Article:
Connor Court Publishing, Australia, 2022
Cover Antony Jeffrey’s daughter Ann
Design Guy Jeffrey
The Poinciana Tree is an homage to the author’s mother, but it is also a portrait of the author, his family and their lives. It is as well a social history of the first part of the 20th century in Australia, especially the years before, during and immediately after the second World War.
Brisbane and the Gold Coast are important sites in the Jeffrey family saga as much of the story takes place there, but there are periods spent in Melbourne and Sydney, seemingly much more cosmopolitan in those days than dusty, sleepy Brisbane.
In creating this partially imagined biography, Antony Jeffrey has called upon the memory of many family members from former and current generations. There are few if any written records of the incidents and times recounted in this tale – the author was a young boy and teenager for some of it and his memory is at best blurry.
Nevertheless we have a very clear and positive view of Aimée Jeffrey. She was obviously courageous, stoical, resilient and committed to family and friends. A drive from Brisbane to Melbourne in the clapped-out vehicle with a jumpy gear stick demonstrates the sort of gutsy woman she was.
With no other adult and with two young boys, she made her way south on often rough and remote roads. She’d set her mind to the task because she thought it would be good for the boys, and so she saw it through, no doubt quashing her misgivings and despair at all the difficulties.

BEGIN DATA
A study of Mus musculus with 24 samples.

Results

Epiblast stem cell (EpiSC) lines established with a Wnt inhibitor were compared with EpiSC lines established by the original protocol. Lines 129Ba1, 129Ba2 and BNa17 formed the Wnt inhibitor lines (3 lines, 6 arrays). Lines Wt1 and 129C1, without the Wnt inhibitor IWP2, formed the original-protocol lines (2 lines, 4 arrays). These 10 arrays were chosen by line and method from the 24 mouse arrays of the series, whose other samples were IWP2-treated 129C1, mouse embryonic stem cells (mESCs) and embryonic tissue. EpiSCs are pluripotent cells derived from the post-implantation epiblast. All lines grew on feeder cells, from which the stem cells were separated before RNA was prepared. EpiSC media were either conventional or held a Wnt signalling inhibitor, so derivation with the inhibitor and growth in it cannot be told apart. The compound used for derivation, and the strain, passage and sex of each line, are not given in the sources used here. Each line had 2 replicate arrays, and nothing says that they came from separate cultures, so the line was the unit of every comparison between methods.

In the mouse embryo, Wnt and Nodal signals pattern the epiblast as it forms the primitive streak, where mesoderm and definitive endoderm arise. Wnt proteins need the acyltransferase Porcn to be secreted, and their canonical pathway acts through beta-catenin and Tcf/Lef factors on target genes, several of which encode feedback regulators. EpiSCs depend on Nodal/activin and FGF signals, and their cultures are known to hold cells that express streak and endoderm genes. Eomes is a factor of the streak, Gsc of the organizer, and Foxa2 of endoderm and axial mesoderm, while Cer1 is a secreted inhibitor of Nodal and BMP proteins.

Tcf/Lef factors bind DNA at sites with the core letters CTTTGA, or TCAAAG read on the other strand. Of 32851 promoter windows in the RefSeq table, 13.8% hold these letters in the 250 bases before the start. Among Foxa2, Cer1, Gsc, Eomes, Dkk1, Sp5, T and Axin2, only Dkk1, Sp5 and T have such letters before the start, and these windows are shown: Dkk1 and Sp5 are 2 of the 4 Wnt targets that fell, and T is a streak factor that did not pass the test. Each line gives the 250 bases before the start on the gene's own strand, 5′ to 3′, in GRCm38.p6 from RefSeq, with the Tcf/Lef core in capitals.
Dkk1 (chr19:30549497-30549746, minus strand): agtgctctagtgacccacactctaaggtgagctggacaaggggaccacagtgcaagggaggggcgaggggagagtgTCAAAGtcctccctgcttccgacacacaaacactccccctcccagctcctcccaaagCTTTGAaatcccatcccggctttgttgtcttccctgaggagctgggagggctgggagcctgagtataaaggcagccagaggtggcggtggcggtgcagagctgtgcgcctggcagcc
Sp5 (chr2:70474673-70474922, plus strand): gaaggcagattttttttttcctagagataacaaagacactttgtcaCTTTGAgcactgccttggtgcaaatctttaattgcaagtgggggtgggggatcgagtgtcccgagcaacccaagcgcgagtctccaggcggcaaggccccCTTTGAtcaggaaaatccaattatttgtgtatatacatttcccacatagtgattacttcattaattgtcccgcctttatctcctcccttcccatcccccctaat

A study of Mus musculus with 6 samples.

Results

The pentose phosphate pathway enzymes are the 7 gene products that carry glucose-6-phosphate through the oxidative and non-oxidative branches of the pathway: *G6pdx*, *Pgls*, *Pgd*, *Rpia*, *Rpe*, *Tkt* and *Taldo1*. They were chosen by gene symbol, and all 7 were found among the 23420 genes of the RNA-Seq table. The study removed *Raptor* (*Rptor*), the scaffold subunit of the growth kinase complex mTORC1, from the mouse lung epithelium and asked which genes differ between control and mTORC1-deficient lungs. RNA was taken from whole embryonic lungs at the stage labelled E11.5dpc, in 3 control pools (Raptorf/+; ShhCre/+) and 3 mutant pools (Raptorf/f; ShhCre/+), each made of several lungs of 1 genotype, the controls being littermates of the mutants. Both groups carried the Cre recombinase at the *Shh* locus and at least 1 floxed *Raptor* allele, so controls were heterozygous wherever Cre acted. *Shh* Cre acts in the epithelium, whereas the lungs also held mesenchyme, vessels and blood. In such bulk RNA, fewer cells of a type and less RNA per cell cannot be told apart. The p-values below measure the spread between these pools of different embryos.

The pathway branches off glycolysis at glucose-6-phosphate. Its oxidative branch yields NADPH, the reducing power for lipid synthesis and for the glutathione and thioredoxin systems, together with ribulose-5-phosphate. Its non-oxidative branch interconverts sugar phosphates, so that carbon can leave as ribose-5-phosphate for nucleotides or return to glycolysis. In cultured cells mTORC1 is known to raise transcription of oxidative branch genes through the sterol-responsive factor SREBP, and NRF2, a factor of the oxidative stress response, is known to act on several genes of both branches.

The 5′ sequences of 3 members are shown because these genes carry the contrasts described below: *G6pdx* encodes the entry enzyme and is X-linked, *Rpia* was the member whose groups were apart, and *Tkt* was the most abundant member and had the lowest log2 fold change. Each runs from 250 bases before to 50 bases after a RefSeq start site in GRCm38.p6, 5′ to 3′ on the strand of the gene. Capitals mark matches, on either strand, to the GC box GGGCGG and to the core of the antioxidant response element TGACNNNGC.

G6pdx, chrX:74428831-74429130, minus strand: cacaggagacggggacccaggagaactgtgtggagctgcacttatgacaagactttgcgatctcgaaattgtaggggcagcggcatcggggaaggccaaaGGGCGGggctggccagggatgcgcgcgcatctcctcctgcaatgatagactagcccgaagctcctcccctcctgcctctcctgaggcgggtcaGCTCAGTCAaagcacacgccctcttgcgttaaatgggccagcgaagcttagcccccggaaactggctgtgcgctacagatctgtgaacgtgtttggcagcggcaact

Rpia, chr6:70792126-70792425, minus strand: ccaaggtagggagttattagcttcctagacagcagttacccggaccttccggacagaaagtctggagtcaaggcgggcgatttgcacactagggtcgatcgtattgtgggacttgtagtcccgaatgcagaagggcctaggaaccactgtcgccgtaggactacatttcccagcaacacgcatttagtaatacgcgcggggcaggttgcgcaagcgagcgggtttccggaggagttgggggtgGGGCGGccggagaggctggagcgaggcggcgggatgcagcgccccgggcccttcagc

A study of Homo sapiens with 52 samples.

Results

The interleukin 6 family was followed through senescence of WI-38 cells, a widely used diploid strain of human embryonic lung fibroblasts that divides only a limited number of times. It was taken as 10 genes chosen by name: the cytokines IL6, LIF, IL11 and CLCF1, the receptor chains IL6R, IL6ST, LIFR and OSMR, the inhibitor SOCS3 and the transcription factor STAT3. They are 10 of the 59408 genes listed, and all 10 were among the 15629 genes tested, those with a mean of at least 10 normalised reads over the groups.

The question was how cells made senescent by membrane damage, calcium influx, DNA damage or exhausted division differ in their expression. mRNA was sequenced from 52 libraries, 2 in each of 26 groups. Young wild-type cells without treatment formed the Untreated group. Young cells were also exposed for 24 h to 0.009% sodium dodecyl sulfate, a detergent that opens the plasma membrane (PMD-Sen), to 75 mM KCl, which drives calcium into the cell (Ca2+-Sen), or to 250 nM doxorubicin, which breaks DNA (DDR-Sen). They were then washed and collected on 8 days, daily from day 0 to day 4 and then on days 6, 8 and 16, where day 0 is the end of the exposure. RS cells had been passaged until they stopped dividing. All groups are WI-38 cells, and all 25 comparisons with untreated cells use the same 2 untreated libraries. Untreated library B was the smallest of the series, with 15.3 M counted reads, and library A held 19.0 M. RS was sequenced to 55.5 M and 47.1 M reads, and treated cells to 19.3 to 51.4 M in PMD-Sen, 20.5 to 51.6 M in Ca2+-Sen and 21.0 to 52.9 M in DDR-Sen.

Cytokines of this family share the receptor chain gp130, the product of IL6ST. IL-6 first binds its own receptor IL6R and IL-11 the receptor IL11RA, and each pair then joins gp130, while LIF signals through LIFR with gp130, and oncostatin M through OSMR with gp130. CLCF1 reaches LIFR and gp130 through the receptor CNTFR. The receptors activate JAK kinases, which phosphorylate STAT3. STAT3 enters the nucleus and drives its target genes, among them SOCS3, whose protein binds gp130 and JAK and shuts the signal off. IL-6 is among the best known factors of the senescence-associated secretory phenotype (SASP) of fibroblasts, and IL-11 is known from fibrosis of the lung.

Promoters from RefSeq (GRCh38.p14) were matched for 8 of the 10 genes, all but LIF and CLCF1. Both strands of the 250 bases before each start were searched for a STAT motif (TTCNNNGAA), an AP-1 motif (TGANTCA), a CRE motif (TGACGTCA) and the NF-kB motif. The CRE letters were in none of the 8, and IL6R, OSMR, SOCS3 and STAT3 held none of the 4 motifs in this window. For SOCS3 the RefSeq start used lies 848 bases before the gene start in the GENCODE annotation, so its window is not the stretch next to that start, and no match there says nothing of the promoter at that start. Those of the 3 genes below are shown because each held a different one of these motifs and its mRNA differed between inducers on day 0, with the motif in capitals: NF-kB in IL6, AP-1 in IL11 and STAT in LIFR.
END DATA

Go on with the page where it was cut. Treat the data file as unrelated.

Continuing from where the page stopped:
There is a richness to this family saga, populated by a large cast of relatives, friends, work and social associates for all the protagonists. It’s brimful of detail and paints a clear and sometimes stark picture of the times, be it the experience of Aimée’s sister-in-law becoming a Japanese POW or Aimée’s misgivings about sending children away to boarding school.
Thematically, the book alludes to loneliness and grief, to love and devotion to duty; the accepted social norms of male dominance in decision making are not criticised though they and their consequences are illuminated.
Be it descriptions of houses and gardens, the undeveloped beauty of Surfers Paradise beach and its scattered weatherboard holiday shacks, there is a strong sense of nostalgia about the book. It’s not sentimental but it is a picture of an age sometimes made golden by memory.
Works like this are widely important as they give current generations a personalised and grass roots history of place and time. They are also important as vessels of family knowledge which would otherwise be lost.
Antony Jeffrey has approached this chronicler’s work with warmth and with a determination to honour the lives of his mother and her peers, to give us an understanding of the sheer tenacity and worth of this generation.
He paints for the reader pictures as vivid and evocative as the poinciana tree gracing the book’s cover. Who amongst us would not be beguiled by the shade and peace of its spectacular canopy?
Thank you Antony Jeffrey for my review copy and for a generous conversation about the book and the business of writing about family and history.